Your Houston Repipe Plumbing Specialists
When your home or business suffers from leaky pipes, it may be time to contact a licensed plumbing repipe professional. The cost of leaking pipes can include water damage and other severe problems if not handled promptly.
Here are the most common reasons for home repipes.
Low water pressure – If your water pressure is down, you may have rust and corrosion buildup in your pipe, causing water flow restriction or undetected pipe leaks you haven’t noticed yet.
Water gets cold – When your shower only gets cold water or goes out when you turn on a faucet or flush a toilet, it could be sign rust inside the pipe is clogging the mixing valve.
Rust-colored water – When your water turns a brownish-red color, this is a sign of rust buildup inside your pipes. Rust loosens up when water pressure falls and rises, causing water discoloration.
Corroded pipes – If the potable water plumbing system in your home is made with galvanized, they will eventually need to be replaced due to deterioration of line caused by rust and corrosion throughout the years.
Leaks and floods – If you constantly are patching pinhole leaks, you are only adding a band-aid to the problem. Don’t wait until your home has flooded to replace your old water pipes.
How Does your Water Piping System Work?
If you were unsure, here is some information on how pipe systems work: Plumbing water pipes and fittings that supply water to fixtures through a property are known as potable water supply lines. These water lines connect to home or commercial building plumbing fixtures such as sinks, bathtubs, toilets, showers, and outdoor hose bibbs.
The Different Types of Piping You May Have
When repiping a home, the most common materials used are COPPER , PEX, and CPVC.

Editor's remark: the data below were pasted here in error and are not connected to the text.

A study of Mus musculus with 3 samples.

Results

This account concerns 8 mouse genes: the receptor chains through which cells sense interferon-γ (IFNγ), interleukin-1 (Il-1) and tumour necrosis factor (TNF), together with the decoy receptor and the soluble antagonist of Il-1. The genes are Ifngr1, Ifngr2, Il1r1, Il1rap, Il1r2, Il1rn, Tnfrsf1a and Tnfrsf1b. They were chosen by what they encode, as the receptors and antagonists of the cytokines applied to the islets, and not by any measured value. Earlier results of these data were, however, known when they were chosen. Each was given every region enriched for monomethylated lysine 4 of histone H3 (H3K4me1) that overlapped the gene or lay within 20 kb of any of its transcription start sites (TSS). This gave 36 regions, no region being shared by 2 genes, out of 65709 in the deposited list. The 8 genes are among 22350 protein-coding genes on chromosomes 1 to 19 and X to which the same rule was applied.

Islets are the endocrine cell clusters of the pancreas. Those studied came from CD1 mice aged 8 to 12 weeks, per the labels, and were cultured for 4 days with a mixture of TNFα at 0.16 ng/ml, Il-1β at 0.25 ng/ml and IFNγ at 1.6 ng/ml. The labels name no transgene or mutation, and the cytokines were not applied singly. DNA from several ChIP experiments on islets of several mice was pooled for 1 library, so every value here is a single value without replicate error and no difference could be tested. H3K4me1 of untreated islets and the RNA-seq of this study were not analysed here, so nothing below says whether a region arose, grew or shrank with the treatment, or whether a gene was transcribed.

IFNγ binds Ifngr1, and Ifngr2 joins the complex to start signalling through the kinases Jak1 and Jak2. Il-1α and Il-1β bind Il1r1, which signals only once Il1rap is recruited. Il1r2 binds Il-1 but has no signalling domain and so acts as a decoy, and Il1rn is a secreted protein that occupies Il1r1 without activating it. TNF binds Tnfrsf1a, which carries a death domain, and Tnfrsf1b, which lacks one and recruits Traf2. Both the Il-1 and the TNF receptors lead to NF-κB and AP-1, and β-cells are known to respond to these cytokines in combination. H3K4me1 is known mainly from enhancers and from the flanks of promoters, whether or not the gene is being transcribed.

Galvanized – Galvanized pipe is a steel pipe with a protective zinc coating to prevent rust and corrosion. Homes built before the 1960s are the most common homes with galvanized steel, although some homes in Houston were found built with galvanized in the 1990s. The average lifespan of galvanized pipes depends on their quality. The average life span of galvanized steel is 40-50 years. However, poor quality galvanized can last as little as 30 years and good quality galvanized can last as long as 70 years.
Copper – Copper pipes are durable and have a long lifespan of more than 50 years. Copper was the pipe of choice from the 1950s until the early 2000s replacing galvanized in the 1950s. After the 2000s, the pipe of choice became PEX piping. There are different types of copper. Thin copper pipes are installed to cut costs but are too delicate and prone to corrosion. Due to its longevity, thicker diameter medium-weight copper is recommended when doing a whole house repipe. Still, the cost to install copper compared to PEX is more expensive due to the longer time frame to install through soldering and the price of copper pipes and fittings.
– PEX – PEX( Cross-Linked Polyethylene) is flexible piping with outstanding durability, quicker to install, and highly affordable. You don’t have to worry about pinhole leaks because PEX does not rust or corrode. PEX pipes can withstand freezing temperatures due to expanding beyond their original diameter and returning to their standard size. PEX piping’s flexibility allows for a quicker install due to its ability to make wide curves giving it fewer connections and tie-ins. Fewer connections cut down areas where leaks could occur.
CPVC – CPVC( Chlorinated Polyvinyl Chloride) has a higher temperature tolerance than PVC, allowing for greater heat resistance. CPVC is expected to last 50-75 years depending on weather and water conditions, but some homes see cracks in as little as 12 years. CPVC is the cheapest material and has provided an inexpensive alternative for homeowners, but they get very brittle and crack throughout time.